Accidental ingestion of marijuana edibles by toddlers is way up : Shots
The study, released Tuesday in the journal Pediatrics, found that in 2017, there were just over 200 reported cases of accidental consumption of cannabis edibles by children under six. In 2021, the number shot up to 3,054 – an increase of 1,375%.
The vast majority of the kids found the drug in their own home. While most children suffered mild impacts, 22.7% of exposed children needed hospitalization, and 8% of them – 573 children – needed critical care.
Marit Tweet, an emergency medicine doctor at SIU Medicine in Springfield, Illinois, is the lead author on the study. Tweet’s curiosity on the topic piqued in 2019, when she started a fellowship at the Illinois Poison Control Center.
“The big buzz at that time was that cannabis was going to be legalized for recreational, adult use January 1st, 2020” in Illinois, she said. State marijuana laws have been changing rapidly in the past decade, and the drug is legal for medical use in 37 states and for recreational use in 21 states and Washington, D.C.
Tweet was curious how recreational use had gone in other places, so she looked at studies from other states that had already legalized the drug. One study in Colorado documented that the number of children 10 years and under accidentally exposed to marijuana products rose between 2009 and 2015.
So Tweet wanted to know if this would also happen nationally, as more states legalized the drug. She was most concerned about kids 5-years-old and younger, a particularly vulnerable age for accidental poisoning.
“This age group accounts for about 40% of all calls to poison centers nationally,” says Tweet. “They can get into things, and you can’t really rationalize with them” about dangers.
Marijuana edibles are made to look like sweets, she adds: “They think it looks like candy, and maybe, they just want to eat it.”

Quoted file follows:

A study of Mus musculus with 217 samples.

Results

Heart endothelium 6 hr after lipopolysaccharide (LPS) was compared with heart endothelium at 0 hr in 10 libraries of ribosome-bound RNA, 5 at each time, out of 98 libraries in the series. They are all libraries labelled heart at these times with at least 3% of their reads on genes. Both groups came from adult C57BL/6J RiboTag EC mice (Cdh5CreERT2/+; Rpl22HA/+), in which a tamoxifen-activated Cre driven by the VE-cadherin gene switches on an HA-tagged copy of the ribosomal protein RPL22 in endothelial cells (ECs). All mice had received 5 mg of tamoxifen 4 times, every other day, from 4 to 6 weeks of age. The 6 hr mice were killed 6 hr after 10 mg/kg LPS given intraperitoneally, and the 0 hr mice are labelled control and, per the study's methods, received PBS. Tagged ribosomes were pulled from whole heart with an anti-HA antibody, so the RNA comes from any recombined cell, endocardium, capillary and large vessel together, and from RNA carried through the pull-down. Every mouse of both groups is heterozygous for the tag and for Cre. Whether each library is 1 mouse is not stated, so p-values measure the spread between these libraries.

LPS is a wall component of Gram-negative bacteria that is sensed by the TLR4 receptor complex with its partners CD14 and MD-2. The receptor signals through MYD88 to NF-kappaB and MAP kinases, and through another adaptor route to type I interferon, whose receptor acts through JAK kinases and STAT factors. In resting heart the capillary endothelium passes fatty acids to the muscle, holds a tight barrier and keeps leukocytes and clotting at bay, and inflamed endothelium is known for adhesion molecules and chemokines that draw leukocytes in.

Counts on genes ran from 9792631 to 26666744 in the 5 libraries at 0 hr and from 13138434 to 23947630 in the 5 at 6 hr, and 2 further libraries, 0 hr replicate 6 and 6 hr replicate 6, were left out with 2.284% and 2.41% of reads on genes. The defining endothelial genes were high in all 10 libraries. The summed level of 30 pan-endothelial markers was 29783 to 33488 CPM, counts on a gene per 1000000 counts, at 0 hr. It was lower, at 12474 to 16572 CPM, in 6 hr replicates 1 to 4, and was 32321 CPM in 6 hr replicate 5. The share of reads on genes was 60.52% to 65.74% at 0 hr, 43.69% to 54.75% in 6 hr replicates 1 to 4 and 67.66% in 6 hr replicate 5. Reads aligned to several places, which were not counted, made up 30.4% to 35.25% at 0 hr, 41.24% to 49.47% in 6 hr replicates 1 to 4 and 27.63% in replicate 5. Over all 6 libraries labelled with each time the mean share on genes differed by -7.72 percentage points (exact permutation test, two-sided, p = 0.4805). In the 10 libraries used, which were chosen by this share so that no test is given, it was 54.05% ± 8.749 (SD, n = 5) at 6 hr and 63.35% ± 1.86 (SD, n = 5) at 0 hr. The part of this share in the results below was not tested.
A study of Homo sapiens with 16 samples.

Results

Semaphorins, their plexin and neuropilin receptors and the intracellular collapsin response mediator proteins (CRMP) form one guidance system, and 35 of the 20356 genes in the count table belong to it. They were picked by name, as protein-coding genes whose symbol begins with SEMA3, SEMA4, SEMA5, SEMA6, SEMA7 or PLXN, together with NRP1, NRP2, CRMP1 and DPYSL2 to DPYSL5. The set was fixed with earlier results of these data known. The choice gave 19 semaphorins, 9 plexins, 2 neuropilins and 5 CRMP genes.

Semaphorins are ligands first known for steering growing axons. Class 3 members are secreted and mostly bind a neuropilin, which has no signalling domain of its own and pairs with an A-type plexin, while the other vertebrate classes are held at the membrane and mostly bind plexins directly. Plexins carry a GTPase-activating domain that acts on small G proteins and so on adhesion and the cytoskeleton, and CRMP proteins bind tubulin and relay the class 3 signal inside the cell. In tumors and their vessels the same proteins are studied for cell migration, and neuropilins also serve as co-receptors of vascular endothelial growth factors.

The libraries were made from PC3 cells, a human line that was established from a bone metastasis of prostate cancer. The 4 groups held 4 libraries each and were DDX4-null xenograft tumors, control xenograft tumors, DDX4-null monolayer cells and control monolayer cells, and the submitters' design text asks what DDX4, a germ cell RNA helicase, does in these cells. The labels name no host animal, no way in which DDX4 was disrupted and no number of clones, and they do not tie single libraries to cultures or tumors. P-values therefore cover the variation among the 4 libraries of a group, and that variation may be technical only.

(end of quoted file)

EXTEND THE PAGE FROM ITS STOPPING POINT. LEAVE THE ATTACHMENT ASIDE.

Tweet and her colleagues analyzed information from the National Poison Data System, which draws on calls to the 55 regional poison control centers that serve the United States and its territories.
Andrew Monte, an emergency medicine doctor at University of Colorado hospital, urges parents who suspect their child ate an edible to take the child to a doctor right away.
“There are some patients that actually have airway obstruction and need to be in the ICU or put on a ventilator,” says Monte, who was not involved in the study.
Monte says he and his colleagues see these cases in their emergency department several times a month. Colorado was the first state to legalize marijuana for recreational use in 2012.
Dr. Nora Volkow, who directs the National Institute on Drug Abuse, says the study’s findings are concerning.
“It’s not just the issue that there are more poisonings of children consuming cannabis, but those consumptions appear to be more serious,” says Volkow.
The study should also draw attention to how marijuana edibles are packaged and marketed, Volkow says.
“If you’ve ever been curious, go to a dispensary or a store where they sell cannabis products, which of course, me being a curious person, I’ve done,” Volkow says. “And the edibles are extremely appealing, in terms of packaging.”
She says parents and caregivers who consume edible cannabis products should store them in child-proof containers and keep them out of the reach of children.